Restoration & 18th-Century Studies in English at Western
UC Western Tower


London ca. 1676

Bethlehem Hospital (Bedlam)

Bethlehem Hospital – from whence derives the word "Bedlam" – was originally built in the sixteenth century to succeed the original St. Mary of Bethlehem hospital, which had been employed to house "distracted people" since the 14th century. In 1547, the land of the dissolved priory was given to the City of London in order that it might provide for "lunatics": the hospital that was built on the site seems to have held about 60 inmates at a time.




The original hospital was spared by the Great Fire, but it was determined that its fabric was, in any case, too far decayed to continue in service; it was therefore decided to build a new one in its place. Accordingly, a new and grander hospital was constructed in 1676 to the designs of Robert Hooke at Moorfields, a little farther from the centre of the City than the original hospital. The new building was impressive, and was much admired by many, including the French refugee Henri Misson, and John Evelyn. It was also much larger, and held up to about 150 patients; amongst these was the Restoration poet and playwright Nat Lee. In 1815, a new hospital was built in St. George's Fields, on the south side of the Thames, and the old hospital was torn down.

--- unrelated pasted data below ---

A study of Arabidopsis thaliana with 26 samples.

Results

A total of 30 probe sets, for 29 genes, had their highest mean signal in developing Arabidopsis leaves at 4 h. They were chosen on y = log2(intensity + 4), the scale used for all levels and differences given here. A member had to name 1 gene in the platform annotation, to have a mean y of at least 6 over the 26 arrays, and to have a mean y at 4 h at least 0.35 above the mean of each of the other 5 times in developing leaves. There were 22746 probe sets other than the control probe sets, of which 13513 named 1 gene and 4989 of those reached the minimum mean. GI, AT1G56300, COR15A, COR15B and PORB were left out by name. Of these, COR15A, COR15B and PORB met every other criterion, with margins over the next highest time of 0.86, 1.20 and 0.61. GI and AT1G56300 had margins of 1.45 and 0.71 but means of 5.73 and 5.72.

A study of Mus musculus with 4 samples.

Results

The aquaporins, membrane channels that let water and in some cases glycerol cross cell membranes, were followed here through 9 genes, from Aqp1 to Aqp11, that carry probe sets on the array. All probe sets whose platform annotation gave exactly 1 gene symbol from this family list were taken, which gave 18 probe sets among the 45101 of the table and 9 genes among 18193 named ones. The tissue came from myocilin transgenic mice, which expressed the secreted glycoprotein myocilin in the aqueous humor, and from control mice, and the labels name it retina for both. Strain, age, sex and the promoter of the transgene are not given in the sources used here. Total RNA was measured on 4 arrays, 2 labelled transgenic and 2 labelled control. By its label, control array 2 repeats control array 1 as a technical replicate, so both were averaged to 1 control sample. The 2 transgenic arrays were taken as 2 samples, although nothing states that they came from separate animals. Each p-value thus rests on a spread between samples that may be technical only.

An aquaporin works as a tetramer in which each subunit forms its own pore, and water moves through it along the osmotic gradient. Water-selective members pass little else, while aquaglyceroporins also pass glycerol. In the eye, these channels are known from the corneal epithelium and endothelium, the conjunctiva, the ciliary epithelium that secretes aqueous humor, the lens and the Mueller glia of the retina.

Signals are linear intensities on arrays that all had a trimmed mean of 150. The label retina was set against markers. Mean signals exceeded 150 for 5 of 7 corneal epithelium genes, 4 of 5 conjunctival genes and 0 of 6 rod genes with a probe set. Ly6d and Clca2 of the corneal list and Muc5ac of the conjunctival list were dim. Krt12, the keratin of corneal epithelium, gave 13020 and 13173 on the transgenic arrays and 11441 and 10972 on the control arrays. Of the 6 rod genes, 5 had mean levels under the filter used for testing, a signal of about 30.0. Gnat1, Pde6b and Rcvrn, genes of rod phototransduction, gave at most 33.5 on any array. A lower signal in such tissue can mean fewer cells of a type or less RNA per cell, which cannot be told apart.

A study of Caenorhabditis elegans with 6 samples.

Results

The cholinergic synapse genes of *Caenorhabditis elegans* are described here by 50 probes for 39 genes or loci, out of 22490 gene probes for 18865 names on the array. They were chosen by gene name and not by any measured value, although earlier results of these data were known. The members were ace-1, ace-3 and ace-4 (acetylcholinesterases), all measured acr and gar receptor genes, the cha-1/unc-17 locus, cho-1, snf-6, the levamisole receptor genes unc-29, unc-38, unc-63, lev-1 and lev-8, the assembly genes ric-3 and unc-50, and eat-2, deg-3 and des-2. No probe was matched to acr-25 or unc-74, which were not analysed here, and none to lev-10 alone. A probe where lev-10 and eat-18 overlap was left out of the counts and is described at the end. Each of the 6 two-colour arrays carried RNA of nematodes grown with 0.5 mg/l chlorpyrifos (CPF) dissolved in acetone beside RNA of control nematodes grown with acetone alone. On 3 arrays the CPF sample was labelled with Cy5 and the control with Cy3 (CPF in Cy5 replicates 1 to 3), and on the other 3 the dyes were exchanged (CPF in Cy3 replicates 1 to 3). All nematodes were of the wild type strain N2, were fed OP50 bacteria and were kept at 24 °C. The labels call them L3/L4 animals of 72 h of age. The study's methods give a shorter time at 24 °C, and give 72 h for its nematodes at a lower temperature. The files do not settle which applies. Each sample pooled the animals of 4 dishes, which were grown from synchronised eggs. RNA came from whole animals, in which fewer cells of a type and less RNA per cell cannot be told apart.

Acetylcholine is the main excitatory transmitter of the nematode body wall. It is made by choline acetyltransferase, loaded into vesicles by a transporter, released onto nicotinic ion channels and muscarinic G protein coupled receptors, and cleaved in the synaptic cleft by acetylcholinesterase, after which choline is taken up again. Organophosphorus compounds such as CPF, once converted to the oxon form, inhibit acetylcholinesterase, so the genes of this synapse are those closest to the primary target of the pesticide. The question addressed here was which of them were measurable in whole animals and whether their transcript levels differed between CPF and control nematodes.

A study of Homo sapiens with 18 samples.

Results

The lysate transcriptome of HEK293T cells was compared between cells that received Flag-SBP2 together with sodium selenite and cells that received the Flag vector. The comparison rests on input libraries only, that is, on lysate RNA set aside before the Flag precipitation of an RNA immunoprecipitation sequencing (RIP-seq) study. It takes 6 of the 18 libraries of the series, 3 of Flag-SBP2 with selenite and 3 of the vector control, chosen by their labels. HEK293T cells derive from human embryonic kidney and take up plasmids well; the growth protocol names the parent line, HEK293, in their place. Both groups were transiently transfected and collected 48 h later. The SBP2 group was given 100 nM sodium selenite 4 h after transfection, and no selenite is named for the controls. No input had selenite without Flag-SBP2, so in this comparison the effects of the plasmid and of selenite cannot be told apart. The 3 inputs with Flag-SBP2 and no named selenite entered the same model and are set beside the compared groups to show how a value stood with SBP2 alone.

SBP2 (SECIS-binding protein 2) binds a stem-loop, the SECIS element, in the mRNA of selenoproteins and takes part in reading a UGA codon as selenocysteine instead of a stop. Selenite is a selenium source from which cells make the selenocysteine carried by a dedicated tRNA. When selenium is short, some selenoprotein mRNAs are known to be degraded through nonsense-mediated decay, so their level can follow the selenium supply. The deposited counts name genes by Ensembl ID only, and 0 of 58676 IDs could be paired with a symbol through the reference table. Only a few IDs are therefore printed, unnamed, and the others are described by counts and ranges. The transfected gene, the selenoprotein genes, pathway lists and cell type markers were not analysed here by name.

"Bedlam" held a relatively prominent place in the popular imagination of the age, in part, no doubt, because so many Londoners had the opportunity to observe it in operation. It was, in fact, a popular tourist attraction from the beginning of the seventeenth-century; admission in 1753 was two pence. The hospital derived a fair amount of revenue from such visitors, and the practice was not discontinued until near the end of the eighteenth century.